Film Review: TULIPANI – LOVE, HONOUR AND A BICYCLE (Netherlands/Italy/Canada 2017) ***

Tulipani: Love, Honour and a Bicycle Poster

After losing his farm during the floods of 1953, a romantic Dutch farmer is tired of getting his socks wet. He cycles to Italy and decides to grow tulips in the sweltering heat of Puglia.


Mike van Diem


If the title of the new Dutch, Canadian and Italian co-production TULIPANI – LOVE, HONOUR AND A BICYCLE (written by Dutch-Canadian writer Peter Van Wijk) sounds whimsical, it is appropriate – for the film is a whimsical tall-tale of romance and  comedy.  The film begins with the Dutch catastrophic flood of 1953 where farmers lost their lands.  

Gauke (Gijs Naber), a one of hose unfortunate Dutch farmers.  He vows he will never have wet feet again.  Armed with a satchel full of tulips bulbs, he cycles south, where fate leads him to the sweltering heat of Italy, and he settles (after collapsing on his bike) on the outskirts of a small village in Puglia.  Against all odds, he plies his fairylike and miraculous tulip trade, lives his passionate love-life.

The film alternates between the present and the past.  The present sees Italian inspector (Giancarlo Giannini) questioning three suspects that includes Anna (Ksenia Solo) on a murder.  Anna relate the story oh how she had left Montreal, Canada after her mother dies in hospital to disperse of her ashes in Italy.  Her story is the film’s story.  The film goes back to where Anna first goes back to Puglia, Italy where she meets Vito and his mother.  The mother is the one who took Gauke in.  The tale goes on to how the Dutchman helps the village stand up against the local Mafia.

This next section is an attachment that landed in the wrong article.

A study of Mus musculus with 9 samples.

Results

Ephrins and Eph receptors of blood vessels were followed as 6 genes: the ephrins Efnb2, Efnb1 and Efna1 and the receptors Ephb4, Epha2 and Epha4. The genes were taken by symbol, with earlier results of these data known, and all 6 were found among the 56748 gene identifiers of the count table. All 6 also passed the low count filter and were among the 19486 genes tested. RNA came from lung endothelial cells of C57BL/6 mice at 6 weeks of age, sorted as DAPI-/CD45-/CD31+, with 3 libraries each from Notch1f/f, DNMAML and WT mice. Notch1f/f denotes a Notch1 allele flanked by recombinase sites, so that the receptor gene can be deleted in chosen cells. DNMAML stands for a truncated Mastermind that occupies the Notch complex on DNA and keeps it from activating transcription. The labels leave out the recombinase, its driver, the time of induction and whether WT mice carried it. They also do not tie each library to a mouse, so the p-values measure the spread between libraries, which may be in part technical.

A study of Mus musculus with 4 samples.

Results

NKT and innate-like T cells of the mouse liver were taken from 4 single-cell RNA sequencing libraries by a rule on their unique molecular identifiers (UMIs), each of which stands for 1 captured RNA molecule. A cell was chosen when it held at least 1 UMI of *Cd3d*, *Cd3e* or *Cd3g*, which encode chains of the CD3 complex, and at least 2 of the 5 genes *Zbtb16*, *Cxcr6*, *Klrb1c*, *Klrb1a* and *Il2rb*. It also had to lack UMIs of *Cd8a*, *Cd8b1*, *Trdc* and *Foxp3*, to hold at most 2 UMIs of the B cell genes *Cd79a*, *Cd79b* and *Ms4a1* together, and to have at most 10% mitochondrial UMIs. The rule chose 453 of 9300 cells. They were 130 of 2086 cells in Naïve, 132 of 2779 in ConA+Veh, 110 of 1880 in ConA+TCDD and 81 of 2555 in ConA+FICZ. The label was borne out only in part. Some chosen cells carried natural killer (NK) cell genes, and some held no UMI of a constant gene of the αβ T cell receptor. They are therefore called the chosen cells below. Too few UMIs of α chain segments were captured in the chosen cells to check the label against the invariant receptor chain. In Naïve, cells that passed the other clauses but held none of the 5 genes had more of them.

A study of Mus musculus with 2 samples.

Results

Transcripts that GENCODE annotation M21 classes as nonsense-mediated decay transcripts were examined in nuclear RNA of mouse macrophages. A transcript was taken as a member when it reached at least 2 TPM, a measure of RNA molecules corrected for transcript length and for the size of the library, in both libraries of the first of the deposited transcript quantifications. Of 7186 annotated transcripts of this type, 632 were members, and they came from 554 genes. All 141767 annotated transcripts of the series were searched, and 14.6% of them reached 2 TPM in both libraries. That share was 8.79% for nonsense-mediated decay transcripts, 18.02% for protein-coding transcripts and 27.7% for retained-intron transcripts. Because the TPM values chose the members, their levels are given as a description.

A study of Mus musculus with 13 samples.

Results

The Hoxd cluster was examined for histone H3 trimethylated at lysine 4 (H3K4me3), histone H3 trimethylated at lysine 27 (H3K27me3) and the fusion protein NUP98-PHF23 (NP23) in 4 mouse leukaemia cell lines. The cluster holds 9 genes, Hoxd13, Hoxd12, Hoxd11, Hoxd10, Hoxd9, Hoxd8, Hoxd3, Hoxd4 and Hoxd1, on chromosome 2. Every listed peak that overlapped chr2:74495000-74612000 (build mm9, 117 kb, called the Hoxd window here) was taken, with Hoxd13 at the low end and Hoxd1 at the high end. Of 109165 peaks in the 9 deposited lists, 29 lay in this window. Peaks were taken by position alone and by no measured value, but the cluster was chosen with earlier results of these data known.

TULIPANI is a beautifully shot film, a sort of fairy tale that does not necessarily have a happy ending.  But it has a message of standing up against oppressors.  The fact that Gauke sells hundreds of tulips to every single one of the villagers who have them displayed on their windows  is quite the fairy tale.  The story involves all three countries, the Netherlands, Italy and Canada with the most respect given to Dutch culture and the love of tulips.  The Italians are portrayed as loud-mouthed feisty people but the film shows the beauty of Italy.

One has to take some of the scenes in stride.  The audience is to believe that all the tulips sprout up one day in multiple colours to the delight of the Italians which no one notices the day before.  The excuse given however, is that the story as told by Anna to the inspector is exaggerated,  At one point, the inspector claims that he loves a good story, implying the director Van Diem giving himself a pat on the shoulder for being a good story teller.

Director Van Diem might be a familiar name as he was the director way back when in 1997 responsible for the Best Foreign Film Oscar winner CHARACTER.  That was a different kind of film – a harsh film on a father and son relationship in a law setting, compared to this tulip fairy tale romantic comedy.  TULIPANI is the kind of film that will delight the commercial public but will have critics shrugging. (The film has a 100% audience approval rating on Rotten Tomatoes with many critics panning the film.)